No American should go hungry. That has been a bedrock principle since the trauma of the Great Depression.
When Congress returns from its August recess next week, it has the unfinished business of extending a farm bill that expired in 2012 for another five years. The complete bill would be close to $1 trillion, with about 80 percent going toward nutrition programs, mostly the Supplemental Nutrition Assistance Program — food stamps, which now benefit nearly 48 million Americans. Agriculture programs are set to expire Sept. 30. Beyond that, food-stamp recipients’ benefits will decrease when a provision in the 2009 stimulus bill expires in November.
The Democratic Senate passed its version of the bill in June, but, in a concession to Republicans, cut spending by $23 billion over 10 years. That includes $4 billion in food stamps, although arguably the demand would be greater then simply because of population growth.
The Republican House passed a bill of its own in July, keeping farm subsidies largely intact but eliminating food stamps.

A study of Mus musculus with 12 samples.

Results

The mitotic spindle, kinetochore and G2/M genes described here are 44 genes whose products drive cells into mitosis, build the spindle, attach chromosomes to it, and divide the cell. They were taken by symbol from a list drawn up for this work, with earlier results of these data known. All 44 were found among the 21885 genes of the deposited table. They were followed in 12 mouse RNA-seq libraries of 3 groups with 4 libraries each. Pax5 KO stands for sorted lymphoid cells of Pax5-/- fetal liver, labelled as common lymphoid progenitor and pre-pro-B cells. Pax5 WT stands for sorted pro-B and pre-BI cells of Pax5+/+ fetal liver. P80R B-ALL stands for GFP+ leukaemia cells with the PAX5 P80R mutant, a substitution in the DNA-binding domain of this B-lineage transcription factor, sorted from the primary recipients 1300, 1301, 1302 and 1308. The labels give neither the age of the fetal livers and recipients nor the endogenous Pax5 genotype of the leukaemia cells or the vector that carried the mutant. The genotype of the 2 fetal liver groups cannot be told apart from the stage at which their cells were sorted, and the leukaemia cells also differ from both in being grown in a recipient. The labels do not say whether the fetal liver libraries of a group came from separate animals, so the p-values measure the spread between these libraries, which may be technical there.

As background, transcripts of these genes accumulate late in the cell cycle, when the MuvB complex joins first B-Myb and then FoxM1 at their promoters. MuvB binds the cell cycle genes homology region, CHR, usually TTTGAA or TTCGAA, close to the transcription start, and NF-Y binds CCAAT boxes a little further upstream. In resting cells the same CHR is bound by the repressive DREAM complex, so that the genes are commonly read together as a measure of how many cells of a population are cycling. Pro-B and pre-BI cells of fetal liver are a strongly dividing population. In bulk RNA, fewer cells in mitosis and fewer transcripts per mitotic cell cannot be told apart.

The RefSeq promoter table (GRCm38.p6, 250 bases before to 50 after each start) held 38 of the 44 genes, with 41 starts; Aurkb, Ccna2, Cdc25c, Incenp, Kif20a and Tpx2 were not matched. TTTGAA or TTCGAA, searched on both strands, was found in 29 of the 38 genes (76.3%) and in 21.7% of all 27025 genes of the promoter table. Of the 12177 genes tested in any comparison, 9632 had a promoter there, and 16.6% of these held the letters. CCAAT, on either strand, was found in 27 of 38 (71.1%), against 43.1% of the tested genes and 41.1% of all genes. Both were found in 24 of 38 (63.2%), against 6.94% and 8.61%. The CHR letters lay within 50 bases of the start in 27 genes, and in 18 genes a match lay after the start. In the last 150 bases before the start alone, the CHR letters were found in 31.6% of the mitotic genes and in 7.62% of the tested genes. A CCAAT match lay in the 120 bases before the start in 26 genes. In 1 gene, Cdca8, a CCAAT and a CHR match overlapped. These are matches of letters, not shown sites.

The House would not completely abandon Americans. One popular proposal would cut $40 billion from the food-stamp program over 10 years and add drug-testing and work requirements. The Center on Budget and Policy Priorities, a left-leaning think tank, estimates that the combination of cuts and requirements would push 4 million to 6 million people off the rolls.
Some GOP lawmakers talk vaguely about private charitable groups stepping into the gap, but food banks already are stretched to the limit.
Work requirements for the able-bodied sound like a good idea — until you consider there are over 11 million unemployed, with over 4.2 million jobless for at least 27 weeks. Another 2.4 million want a job but have become so discouraged they’ve quit looking.
The average hourly wage — and, mind you, this is an average — is just over $20 an hour. That amount is subject to payroll, sales and real-estate taxes; the working poor are hardly dining in Lucullan splendor.
On Wednesday, the U.S. Department of Agriculture released a study showing that nearly 49 million Americans lived in “food-insecure households” last year, meaning they did not have “consistent access throughout the year to adequate food.” Stripped of the bureaucratic jargon, that means these households at some point — frequently, in some cases — didn’t know where their next meal was coming from.
In a country that sings lovingly and shamelessly of its “amber waves of grain” and mountains towering “above the fruited plain,” no American should go hungry.
Dale McFeatters writes for the Scripps Howard News Service.